COMMUNIST CHINA BACKS AN ABSOLUTE MONARCHY FIGHTING A MAOIST INSURGENCYCurzon
of Coming Anarchy
had a post on Nepal's Maoist rebels'
practice of kidnapping, indoctrinating and forcing Nepalese students to perform slave labor. A post that attracted the unhappy attention of a Maoist sympathizer who tried to whitewash rebel conduct.
The Maoist rebellion in Nepal began in 1996 when the Communist Party began an armed struggle to overthrow the then Constitutional monarchy whose democratically elected government was dominated by other leftist parties who waged, at best, a lukewarm fight against the Maoists who now control 70-80 % of Nepal. The conflict gained international notoriety when King Gyanendra attempted a Fujimori-style " autogolpe"; most likely for the same reasons that Alberto Fujimori once did in Peru during the war with the Maoist Shining Path - a suspicion that democratic Leftists in the government were covertly aiding and or obstructing the fight against the Communist insurgency.
The King, despite unconstrained brutality, has poven to be a much less effective counterinsurgency autocrat than Fujimori who quickly broke the back of the Shining Path and captured its secretive leader, Professor Abimael Guzman
. Ironically, Communist China has stepped in to help the floundering King crush the Maoist rebels and win Nepal away from India's sphere of influence. A brief
explains:"The crisis precipitated by Gyanendra's February seizure of absolute power threw the parliamentary parties into the position of either attempting to mount resistance in order to recoup their losses or accepting defeat. Particularly after the king revoked the state of emergency in April, they chose the former, pursuing a three-pronged campaign to delegitimize his rule and render him unable to govern. Forming the same kind of coalition that had forced the institution of a parliamentary system in 1989, they subsumed their rivalries under a common program of restoring democracy.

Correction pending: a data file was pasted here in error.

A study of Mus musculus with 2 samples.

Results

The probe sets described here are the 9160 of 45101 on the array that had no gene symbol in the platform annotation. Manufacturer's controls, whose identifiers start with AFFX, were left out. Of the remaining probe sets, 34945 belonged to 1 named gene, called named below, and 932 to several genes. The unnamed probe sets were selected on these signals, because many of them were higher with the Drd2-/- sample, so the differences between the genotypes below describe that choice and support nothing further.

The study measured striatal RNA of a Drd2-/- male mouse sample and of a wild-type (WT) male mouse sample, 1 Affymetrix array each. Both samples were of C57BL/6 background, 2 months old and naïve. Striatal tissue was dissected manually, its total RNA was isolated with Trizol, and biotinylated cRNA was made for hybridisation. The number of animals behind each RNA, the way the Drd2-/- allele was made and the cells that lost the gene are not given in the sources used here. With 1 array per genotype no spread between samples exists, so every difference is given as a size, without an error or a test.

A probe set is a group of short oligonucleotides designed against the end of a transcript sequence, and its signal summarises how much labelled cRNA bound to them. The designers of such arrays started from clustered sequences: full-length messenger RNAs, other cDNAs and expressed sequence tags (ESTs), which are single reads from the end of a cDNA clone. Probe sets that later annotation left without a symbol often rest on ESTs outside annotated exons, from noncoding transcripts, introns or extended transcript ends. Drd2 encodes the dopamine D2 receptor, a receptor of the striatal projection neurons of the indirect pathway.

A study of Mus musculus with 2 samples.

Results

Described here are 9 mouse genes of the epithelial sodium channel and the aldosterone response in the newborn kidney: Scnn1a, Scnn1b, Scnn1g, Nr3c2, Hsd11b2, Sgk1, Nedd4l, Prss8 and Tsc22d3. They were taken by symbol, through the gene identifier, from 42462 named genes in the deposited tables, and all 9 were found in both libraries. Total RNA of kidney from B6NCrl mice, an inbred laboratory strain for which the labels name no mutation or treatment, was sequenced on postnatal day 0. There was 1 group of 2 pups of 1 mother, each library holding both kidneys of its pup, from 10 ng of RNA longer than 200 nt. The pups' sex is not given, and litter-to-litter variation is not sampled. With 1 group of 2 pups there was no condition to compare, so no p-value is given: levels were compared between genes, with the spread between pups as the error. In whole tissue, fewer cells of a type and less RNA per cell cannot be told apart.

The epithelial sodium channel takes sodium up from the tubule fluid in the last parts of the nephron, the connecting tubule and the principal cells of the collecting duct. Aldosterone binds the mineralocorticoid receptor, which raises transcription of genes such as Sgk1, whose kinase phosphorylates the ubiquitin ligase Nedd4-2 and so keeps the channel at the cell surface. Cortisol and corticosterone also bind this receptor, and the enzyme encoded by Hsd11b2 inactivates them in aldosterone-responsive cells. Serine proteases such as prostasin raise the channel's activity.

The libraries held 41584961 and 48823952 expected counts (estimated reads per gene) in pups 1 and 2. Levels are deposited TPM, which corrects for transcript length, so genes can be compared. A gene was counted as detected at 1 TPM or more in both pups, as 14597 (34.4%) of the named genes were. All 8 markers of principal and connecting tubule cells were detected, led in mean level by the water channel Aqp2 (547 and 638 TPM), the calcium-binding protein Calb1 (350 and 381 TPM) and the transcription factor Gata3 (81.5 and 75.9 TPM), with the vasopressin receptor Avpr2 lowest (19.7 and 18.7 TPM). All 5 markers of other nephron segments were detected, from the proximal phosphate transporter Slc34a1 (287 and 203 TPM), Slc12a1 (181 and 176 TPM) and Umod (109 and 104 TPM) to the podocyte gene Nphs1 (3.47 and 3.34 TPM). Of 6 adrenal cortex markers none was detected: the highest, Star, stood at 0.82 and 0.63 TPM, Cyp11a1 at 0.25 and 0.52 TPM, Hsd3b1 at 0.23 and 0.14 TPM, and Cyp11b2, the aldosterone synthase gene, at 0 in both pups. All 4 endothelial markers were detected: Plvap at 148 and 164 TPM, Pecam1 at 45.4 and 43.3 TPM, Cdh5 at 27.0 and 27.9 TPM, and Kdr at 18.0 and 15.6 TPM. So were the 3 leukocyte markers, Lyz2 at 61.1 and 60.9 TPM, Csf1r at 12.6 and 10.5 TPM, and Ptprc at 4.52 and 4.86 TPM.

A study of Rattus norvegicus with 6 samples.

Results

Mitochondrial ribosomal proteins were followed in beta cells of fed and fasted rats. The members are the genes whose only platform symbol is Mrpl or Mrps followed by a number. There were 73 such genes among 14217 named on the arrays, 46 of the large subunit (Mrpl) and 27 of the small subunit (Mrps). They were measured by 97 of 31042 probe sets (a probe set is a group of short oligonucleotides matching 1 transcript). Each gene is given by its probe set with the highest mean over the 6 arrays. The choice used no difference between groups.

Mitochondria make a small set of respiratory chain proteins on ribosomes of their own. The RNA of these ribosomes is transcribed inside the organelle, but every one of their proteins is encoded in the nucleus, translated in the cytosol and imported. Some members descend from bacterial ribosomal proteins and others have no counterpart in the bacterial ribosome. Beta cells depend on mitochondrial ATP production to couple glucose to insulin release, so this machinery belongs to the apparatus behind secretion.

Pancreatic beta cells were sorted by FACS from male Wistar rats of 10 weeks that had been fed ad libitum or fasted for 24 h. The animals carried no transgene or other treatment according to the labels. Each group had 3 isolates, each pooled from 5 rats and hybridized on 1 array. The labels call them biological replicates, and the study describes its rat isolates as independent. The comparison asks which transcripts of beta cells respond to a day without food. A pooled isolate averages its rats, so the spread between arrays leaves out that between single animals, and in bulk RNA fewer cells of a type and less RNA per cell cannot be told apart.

As Gyanendra remained unyielding, the parliamentary parties radicalized their positions. The crisis ratcheted up to a higher level, when, in late August, the Nepali Congress Party (N.C.P.) -- the largest parliamentary grouping, which has close ties to New Delhi -- announced that it had decided to delete the goal of achieving a constitutional monarchy from its constitution. The Communist Party of Nepal (U.M.L.), the second biggest grouping, had already abandoned constitutional monarchy for a "democratic republic."
In response to the parliamentary parties' break with the monarchy, the Maoist insurgency announced a three-month cease fire and has begun releasing some of its R.N.A. prisoners, although Nepalese media report that it continues to carry out abductions of school teachers and students for "re-education." Registering a shift in the balance of power, the seven-party parliamentary coalition announced on September 16 that it would form a team to negotiate independently with the Maoists. The coalition made it clear that talks were premised on the insurgency ending violence against civilians and that the Maoists would not be permitted to join the coalition unless they laid down their arms."
If the parliamentary parties assume they can control the Maoists in a coalition for a democratic revolution then they are blindly treading the same path as Alexander Kerenskii, and all the democrats or liberals in places like Laos, Cambodia, South Vietnam, Nicaragua, who saw in Communist radicals a tiger they could ride to power and then tame like a pet.
They will not get more democracy from these rebels than they will from the King. The tiger will devour them.